Abstract: Utilizing a Socially Assistive Robot to Increase Access to Cognitive Training Resources (Society for Social Work and Research 25th Annual Conference - Social Work Science for Social Change)


Tuesday, January 19, 2021
* noted as presenting author
George Mois, MSW, Research Assistant, University of Georgia, Athens, GA
Bailey Collete, Ph.D. Student, University of Georgia, GA
Lisa Renzi-Hammond, Ph.D., Assistant Professor, University of Georgia, GA
Kerstin Emerson, Clinical Associate Professor, University of Georgia, GA
Sarah Schultz, Undergraduate Student, University of Georgia, GA
Amber Datta, Undergraduate Student, University of Georgia, GA
Claire Anderson, Undergraduate Student, University of Georgia, GA
Laura Boccanfuso, CEO, Van Robotics, SC
Aditi Ramachandran, Chief Robot Officer, Van Robotics, SC
Paul Gibson, President, Applied Universal Dynamics, MN
Jenay Beer, PhD, Assistant Professor, University of Georgia, GA

Background and Purpose: Accessibility to cognitive health resources can greatly impact older adults ability to age successfully and maintain a high quality of life. Age-related dementias affect more than five million older adults in the United States and 46.8 million globally. Cognitive training interventions, such as learning an instrument, have been identified across the literature as effective strategies toward increasing cognitive reserve, neural plasticity, and reducing risk of dementia. However, due to various barriers to access (e.g., cost, transportation, instructor availability), older adults can have a difficult time in being able to engage in cognitive training. However, new emerging technologies, such as Socially Assistive Robots (SARs), present a unique opportunity towards increasing access and providing older adults with the ability to engage in cognitive training via robot-led customizable piano lessons.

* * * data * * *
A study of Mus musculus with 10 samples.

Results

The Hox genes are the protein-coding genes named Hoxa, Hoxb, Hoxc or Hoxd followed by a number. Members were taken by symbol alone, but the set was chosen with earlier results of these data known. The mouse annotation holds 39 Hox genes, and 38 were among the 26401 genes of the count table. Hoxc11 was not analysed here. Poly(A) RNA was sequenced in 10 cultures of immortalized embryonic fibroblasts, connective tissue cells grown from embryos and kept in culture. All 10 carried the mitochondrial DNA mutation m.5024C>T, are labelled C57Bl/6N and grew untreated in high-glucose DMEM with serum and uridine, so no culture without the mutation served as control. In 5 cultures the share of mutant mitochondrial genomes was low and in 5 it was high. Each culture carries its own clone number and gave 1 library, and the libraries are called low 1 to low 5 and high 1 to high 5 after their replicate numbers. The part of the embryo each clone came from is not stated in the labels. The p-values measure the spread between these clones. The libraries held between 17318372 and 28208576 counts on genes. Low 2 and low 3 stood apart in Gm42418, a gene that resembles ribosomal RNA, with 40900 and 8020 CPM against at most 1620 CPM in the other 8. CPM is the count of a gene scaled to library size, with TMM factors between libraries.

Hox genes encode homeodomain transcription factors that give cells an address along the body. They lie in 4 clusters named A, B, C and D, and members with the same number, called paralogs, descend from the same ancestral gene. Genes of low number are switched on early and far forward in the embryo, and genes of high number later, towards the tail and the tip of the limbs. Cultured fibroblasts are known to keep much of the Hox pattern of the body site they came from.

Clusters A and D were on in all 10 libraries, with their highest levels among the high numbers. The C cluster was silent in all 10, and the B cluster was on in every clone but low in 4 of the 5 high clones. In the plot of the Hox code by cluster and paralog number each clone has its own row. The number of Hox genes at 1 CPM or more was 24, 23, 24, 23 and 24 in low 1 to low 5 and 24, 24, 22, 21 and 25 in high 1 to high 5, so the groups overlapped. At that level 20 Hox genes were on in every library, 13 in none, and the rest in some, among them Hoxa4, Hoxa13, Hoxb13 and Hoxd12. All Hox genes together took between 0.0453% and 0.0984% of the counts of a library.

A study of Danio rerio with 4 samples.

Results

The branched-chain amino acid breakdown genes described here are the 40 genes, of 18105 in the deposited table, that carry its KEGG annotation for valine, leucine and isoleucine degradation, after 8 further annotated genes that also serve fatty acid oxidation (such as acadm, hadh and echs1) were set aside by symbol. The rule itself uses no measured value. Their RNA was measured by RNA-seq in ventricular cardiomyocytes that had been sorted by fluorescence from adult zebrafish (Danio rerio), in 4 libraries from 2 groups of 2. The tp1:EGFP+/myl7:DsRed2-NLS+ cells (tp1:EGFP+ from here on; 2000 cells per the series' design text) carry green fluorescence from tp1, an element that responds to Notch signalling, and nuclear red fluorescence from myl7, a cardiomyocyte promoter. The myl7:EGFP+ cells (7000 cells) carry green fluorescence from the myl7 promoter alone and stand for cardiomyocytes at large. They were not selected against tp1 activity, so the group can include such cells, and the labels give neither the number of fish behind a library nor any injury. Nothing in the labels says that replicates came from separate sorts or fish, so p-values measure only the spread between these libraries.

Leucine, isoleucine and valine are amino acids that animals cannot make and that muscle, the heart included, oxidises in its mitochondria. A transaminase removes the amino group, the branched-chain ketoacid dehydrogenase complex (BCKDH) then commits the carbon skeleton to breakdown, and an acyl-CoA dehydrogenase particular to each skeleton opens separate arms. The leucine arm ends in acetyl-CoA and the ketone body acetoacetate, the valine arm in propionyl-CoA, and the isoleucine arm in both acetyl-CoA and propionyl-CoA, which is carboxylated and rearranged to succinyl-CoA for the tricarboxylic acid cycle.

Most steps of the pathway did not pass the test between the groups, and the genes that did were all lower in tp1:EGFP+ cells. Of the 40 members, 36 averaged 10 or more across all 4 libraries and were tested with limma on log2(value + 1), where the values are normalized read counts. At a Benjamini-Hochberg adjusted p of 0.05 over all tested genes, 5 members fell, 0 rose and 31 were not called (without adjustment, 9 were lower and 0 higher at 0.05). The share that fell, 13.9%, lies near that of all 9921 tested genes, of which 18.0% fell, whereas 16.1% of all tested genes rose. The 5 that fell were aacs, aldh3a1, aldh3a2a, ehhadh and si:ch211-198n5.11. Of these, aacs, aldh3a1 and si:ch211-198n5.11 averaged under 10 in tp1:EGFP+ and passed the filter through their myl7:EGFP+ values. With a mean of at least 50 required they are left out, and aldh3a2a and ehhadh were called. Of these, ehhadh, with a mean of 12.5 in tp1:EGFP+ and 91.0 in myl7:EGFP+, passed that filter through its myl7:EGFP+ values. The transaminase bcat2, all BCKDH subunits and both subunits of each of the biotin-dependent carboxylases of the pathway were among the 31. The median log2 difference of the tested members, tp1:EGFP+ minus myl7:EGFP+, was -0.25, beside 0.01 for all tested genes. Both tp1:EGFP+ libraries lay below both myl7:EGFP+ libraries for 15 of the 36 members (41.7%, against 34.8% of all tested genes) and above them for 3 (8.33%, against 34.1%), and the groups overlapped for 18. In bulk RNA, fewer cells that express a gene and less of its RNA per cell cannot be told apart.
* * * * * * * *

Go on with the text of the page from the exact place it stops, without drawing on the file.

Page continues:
Methods: The present study aimed to understand the feasibility of SAR-led piano lessons, to engage older adults with mild cognitive impairment (N = 11; M= 74.64 ± 6.02 years of age; 72.72% female; 90.1% White/Caucasian) in cognitive training. The data collection occurred across four weekly robot-led piano lessons. Participants were recruited utilizing a combination of emails shared via listservs and flyers posted at local agencies and medical health offices. Participant requirements include the following: age 65+; experiencing forgetfulness; no prior music experience exceeding three years; ability to hear music; desire for more social interactions. During each session, participants engaged in a robot-led piano lesson, completed a battery of scales, and participated in a structured qualitative interview. Cognitive status was assessed using the Mini-Mental State Exam and the CNS Vital Signs to measure cognitive domain-specific functioning. Perceptions and acceptance of the SAR were measured using the Robotic Social Attributes Scale and Technology Acceptance Scale. Qualitative interviews aimed to understand participants’ acceptance, affect, learning experience, perceived connection, and willingness to adopt a SAR.

Results: Participants cognitive function improved in the verbal memory, executive function, reaction time and cognitive flexibility domains, and in the computed neurocognitive index score (t[1,9]=2.20, p=0.03). The SAR was perceived as easy to use, useful, warm and competent. Furthermore, ten out of eleven participants noted willingness to adopt the SAR to engage in piano lessons. Preliminary analysis of qualitative interviews indicated that older adults perceived the robot as an effective and efficient piano instructor, socially engaging, and adaptive to their needs.

Conclusions and Implications: Participants improvement across various domains of cognition, along with perceived usability and willingness to adopt the SAR, indicated feasibility of robot-led cognitive training. Traditionally, accessing cognitive training, such as piano lessons, can be limited due to cost, program availability, and lack of customizability to meet the variability in older adults' needs. SARs can help address this gap in resources and increase access through accessible and cost-effective programs (the cost of the robot is less than year-long lessons) and deliver customizable cognitive training for adult learners in various environments. Increasing access can help alleviate social injustices due to limited accessibility to cognitive health resources and service availability for older adults wanting to age in place.